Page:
Before we even knew what it meant to us, we were planning a wedocracy. What does this mean? Well, a wedocracy is couples and guests joining together to make wedding planning fun. And that’s our app, but the philosophy behind it started when we got engaged.

On July 14th, 2012 (Bastille Day!), my now husband asked me to marry him. And, we started thinking about how we wanted to experience the planning as well as the day itself.

Early on, we established a few guidelines. If it did not add to our happiness, we would not do it. And, if it was necessary but added stress to our lives, we would figure out how we could get the most out of the experience and enjoy it.

And so we began.

The mission:

Throw an event with 130 guests from several different countries to witness and celebrate our cross-cultural extravaganza while maintaining the joy and excitement we experienced when we got engaged.

The challenge:

Blending together our mixed heritage in a way that honored our desires, the wishes of our families and our respective cultures and our desire to enjoy every moment of it.

The solution:

Whenever possible, choose joy. Actually, this was our mantra.

The strategy:

If we need help, ask for it. This meant involving our community in a way that felt helpful to us.

How it played out:

When we cancelled our ideal wedding venue due to their disorganization, we did not panic. It was disappointing and challenging, but we knew that their lack of organization would cause more stress and that we would regret the decision to stick with them, so we moved on.

Part of choosing joy was about rallying our wedding posse, which was our friends and family. We spread the word and let everyone know we were looking for a venue. And then, one night while I was talking to one of my bridesmaids, she mentioned a venue that I should consider.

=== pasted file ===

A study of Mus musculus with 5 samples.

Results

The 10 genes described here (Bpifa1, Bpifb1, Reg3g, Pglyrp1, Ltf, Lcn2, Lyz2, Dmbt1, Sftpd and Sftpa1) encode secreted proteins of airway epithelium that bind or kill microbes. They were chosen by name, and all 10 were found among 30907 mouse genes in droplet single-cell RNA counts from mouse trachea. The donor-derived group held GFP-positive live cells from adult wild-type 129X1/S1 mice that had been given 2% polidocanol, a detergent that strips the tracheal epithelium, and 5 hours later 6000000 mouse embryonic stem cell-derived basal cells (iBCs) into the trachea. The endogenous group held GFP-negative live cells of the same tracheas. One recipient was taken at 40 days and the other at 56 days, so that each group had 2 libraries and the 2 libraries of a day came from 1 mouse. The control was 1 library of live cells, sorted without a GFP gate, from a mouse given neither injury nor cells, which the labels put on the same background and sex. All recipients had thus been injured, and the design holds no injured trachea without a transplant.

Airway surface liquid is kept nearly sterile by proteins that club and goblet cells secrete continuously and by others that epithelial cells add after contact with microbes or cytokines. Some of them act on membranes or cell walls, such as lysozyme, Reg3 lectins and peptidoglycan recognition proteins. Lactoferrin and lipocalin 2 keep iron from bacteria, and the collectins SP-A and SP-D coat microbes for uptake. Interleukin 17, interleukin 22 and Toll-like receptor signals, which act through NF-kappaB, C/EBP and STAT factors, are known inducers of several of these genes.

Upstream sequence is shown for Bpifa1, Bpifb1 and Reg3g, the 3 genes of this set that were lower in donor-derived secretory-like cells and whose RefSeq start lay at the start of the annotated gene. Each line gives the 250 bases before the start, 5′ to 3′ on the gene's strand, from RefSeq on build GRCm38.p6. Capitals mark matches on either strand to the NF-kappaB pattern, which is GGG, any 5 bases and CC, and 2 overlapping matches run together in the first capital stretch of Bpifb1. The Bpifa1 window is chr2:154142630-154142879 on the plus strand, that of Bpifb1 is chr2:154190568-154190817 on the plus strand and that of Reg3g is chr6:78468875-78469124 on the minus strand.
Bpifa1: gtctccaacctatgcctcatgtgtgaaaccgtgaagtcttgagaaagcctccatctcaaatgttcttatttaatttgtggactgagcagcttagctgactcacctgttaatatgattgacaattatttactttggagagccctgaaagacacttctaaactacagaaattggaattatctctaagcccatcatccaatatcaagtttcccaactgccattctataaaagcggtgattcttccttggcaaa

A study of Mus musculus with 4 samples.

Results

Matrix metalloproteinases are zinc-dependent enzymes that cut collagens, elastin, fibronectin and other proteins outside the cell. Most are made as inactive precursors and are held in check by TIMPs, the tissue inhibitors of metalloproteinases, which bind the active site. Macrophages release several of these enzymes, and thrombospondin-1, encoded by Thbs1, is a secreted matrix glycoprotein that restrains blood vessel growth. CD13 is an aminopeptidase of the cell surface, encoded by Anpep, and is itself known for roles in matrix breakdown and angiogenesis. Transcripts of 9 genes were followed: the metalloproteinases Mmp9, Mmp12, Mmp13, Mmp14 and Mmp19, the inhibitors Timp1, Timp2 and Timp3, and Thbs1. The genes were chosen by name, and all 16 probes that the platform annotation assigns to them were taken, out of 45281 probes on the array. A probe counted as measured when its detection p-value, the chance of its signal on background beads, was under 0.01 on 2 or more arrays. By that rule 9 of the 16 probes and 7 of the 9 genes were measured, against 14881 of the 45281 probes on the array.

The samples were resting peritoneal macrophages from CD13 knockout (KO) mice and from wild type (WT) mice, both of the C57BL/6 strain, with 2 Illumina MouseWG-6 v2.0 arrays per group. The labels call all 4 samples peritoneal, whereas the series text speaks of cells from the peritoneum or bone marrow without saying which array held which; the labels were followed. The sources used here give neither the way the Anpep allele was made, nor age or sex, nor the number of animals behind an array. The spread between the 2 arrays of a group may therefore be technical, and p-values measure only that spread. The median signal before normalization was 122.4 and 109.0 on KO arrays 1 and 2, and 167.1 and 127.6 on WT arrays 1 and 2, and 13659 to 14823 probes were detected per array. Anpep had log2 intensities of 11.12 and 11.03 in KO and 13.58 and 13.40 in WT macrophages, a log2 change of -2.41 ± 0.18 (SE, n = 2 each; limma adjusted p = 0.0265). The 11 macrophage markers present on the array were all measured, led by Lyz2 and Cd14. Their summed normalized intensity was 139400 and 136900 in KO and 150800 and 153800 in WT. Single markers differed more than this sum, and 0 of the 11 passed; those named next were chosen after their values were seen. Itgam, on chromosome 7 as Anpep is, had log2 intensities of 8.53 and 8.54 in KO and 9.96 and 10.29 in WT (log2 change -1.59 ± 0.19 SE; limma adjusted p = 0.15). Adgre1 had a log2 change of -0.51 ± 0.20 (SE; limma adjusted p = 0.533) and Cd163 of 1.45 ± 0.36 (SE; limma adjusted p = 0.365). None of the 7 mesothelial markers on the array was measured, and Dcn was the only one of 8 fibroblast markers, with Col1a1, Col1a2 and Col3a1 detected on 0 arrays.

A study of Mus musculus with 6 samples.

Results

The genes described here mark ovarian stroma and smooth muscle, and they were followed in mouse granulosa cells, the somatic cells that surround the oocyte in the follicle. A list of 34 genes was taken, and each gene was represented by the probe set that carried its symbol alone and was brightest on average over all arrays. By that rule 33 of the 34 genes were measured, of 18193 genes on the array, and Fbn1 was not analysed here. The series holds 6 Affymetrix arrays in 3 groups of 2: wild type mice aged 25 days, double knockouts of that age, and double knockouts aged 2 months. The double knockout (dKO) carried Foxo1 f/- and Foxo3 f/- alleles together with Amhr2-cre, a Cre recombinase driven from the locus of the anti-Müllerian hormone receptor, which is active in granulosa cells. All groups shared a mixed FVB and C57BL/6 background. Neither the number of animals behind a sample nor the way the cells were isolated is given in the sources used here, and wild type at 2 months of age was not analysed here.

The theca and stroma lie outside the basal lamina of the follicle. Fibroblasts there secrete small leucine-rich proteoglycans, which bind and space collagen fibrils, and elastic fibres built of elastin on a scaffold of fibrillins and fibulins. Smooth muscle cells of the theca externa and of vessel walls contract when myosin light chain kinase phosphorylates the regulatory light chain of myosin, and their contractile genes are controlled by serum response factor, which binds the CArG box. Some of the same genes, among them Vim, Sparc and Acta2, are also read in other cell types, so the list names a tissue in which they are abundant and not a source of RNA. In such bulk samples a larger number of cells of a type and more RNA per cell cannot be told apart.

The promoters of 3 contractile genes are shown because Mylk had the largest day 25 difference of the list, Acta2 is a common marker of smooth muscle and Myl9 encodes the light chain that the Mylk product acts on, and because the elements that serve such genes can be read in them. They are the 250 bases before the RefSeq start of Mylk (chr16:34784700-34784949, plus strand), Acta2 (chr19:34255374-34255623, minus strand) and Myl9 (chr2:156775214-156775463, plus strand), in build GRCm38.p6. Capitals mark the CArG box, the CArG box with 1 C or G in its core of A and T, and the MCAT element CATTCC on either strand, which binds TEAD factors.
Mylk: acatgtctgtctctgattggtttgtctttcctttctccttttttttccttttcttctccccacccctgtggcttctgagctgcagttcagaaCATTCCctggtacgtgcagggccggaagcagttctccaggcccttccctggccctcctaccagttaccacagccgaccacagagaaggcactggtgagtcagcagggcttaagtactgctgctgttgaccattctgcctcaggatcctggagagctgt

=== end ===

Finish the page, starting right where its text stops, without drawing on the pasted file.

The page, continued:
I called them the next day and within a week we had a new venue.

And when my traditional African parents insisted on certain traditions, I chose the ones that felt important to me and let go of the rest. It was very meaningful for us to include that part of my background, but it was our wedding and it was important that it represented us and the traditions that had significance for us. We did not decide to do things just because they were expected or proscribed, and yet our big fat Nigerian/American/Jewish/Mexican wedding was so fun and memorable for everyone.

The thing is, it is not always easy to choose joy when planning a wedding but it is this choice that will set the tone for how things will go.

So, choose joy by asking yourself this: If I do this, will I look back and regret it. If you think you will, see if you can find the courage to do things differently. After all, while you are your mother’s daughter, it’s not your mother’s wedding.